The Rocks Cry Out:
The Nigerian Crisis Through Film and Literature (2010)
A distinguished group of writers, filmmakers and scholars will converge on Brown University in late October as part of The Rocks Cry Out: The Nigerian Crisis in Film and Literature, a three-day festival exploring the artistic response to the political and social upheaval in that troubled country. The Rocks Cry Out is presented by Brown’s International Writers Project, which each year aids a writer who has been subjected to political harassment, imprisonment, or death threats in his or her homeland with a stipend and office space at Brown, as well as assistance in leaving the home country.
The Fall 2010 IWP Fellow is Nigerian fiction writer and documentary filmmaker Dul Johnson. The author of two volumes of short fiction, Johnson, who is a resident of the city of Jos in Nigeria’s troubled Plateau State, has been unable to practice as a writer because of threats of reprisal and unremitting social and political upheaval, including riots and uprisings targeting his ethnic group, the Tarok. He is in residence at Brown through December, and his fiction and films will be featured in The Rocks Cry Out.The festival will begin on Wednesday, October 27, at 6 p.m. with The Crisis in Pictures: Films from Nigeria, a screening featuring Nigerian films The Crux, directed by Kingsley Sunday from a script by Peter Aseme, and Plateau: The Final Frontier, directed by F.O.W. from a script by Ola Williams. A panel discussion featuring Dul Johnson with scholar/artists Obiwu and Deborah L. Klein will follow the screening.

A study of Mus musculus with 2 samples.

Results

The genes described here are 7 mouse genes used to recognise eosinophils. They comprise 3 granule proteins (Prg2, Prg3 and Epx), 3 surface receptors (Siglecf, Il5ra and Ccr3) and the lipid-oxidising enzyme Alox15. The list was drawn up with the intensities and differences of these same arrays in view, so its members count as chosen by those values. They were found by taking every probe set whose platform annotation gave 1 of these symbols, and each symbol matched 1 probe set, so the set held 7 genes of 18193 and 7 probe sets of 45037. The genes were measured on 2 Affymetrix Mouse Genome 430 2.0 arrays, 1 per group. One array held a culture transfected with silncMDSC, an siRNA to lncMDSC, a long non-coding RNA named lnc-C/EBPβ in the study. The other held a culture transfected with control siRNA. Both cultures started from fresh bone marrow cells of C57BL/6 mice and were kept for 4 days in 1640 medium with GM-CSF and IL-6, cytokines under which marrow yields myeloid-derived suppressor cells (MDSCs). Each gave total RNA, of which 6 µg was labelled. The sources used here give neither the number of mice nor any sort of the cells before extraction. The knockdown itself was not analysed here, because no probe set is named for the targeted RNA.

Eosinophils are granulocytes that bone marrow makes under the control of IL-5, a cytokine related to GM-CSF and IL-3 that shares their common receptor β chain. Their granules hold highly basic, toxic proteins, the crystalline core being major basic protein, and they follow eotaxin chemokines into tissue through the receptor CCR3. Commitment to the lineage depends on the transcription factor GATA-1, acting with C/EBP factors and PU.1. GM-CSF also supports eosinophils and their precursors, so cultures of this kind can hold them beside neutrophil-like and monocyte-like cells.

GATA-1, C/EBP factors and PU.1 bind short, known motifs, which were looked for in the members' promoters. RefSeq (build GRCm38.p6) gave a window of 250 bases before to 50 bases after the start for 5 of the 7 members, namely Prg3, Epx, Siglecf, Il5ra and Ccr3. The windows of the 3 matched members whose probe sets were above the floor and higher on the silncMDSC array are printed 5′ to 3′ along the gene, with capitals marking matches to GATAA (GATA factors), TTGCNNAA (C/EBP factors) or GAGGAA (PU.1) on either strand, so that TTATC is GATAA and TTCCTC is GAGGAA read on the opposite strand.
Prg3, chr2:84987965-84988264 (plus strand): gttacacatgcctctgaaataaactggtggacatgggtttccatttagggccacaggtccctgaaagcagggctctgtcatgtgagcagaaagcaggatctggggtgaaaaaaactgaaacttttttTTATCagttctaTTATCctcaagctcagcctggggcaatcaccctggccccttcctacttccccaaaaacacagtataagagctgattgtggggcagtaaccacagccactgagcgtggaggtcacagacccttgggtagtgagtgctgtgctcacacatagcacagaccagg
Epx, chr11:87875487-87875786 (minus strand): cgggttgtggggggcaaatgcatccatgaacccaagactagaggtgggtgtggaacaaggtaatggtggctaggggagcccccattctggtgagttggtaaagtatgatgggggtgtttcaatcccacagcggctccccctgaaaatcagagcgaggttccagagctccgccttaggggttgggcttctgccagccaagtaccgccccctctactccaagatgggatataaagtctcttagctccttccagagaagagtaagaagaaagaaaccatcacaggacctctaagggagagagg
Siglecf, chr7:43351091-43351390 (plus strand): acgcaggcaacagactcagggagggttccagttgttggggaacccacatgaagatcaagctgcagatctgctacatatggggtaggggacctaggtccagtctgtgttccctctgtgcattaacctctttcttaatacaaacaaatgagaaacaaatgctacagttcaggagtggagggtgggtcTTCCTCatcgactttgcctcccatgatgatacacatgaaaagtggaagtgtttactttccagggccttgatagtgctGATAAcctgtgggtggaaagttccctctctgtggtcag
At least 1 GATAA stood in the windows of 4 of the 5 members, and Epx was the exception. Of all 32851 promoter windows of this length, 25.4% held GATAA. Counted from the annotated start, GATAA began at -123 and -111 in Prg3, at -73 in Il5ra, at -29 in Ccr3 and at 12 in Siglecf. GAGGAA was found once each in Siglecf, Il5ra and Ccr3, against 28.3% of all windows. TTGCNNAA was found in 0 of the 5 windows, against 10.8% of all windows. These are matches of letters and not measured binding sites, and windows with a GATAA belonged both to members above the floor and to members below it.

On Thursday, October 28, events will begin at 10 a.m. with a panel discussion, Bringing the News: The Ongoing Crisis in Nigeria, to be followed by a 2:30 p.m. reading from the anthology The Rocks Cry Out by Klein and Obiwu, and a reading by Dul Johnson of his fiction.
At 6 p.m., there will be a screening of Johnson’s documentary film, There is Nothing Wrong With My Uncle, followed by a discussion with Johnson and his collaborator, filmmaker/editor Sylvie Bringas.
The event’s final day will feature a screening of Promised Land, an inside look at the critical story of land reform and racial reconciliation in the new South Africa by documentary filmmaker/journalist and Brown alumna Yoruba Richen. All events are free and open to the public, and will take place in the McCormack Family Theater, 70 Brown St.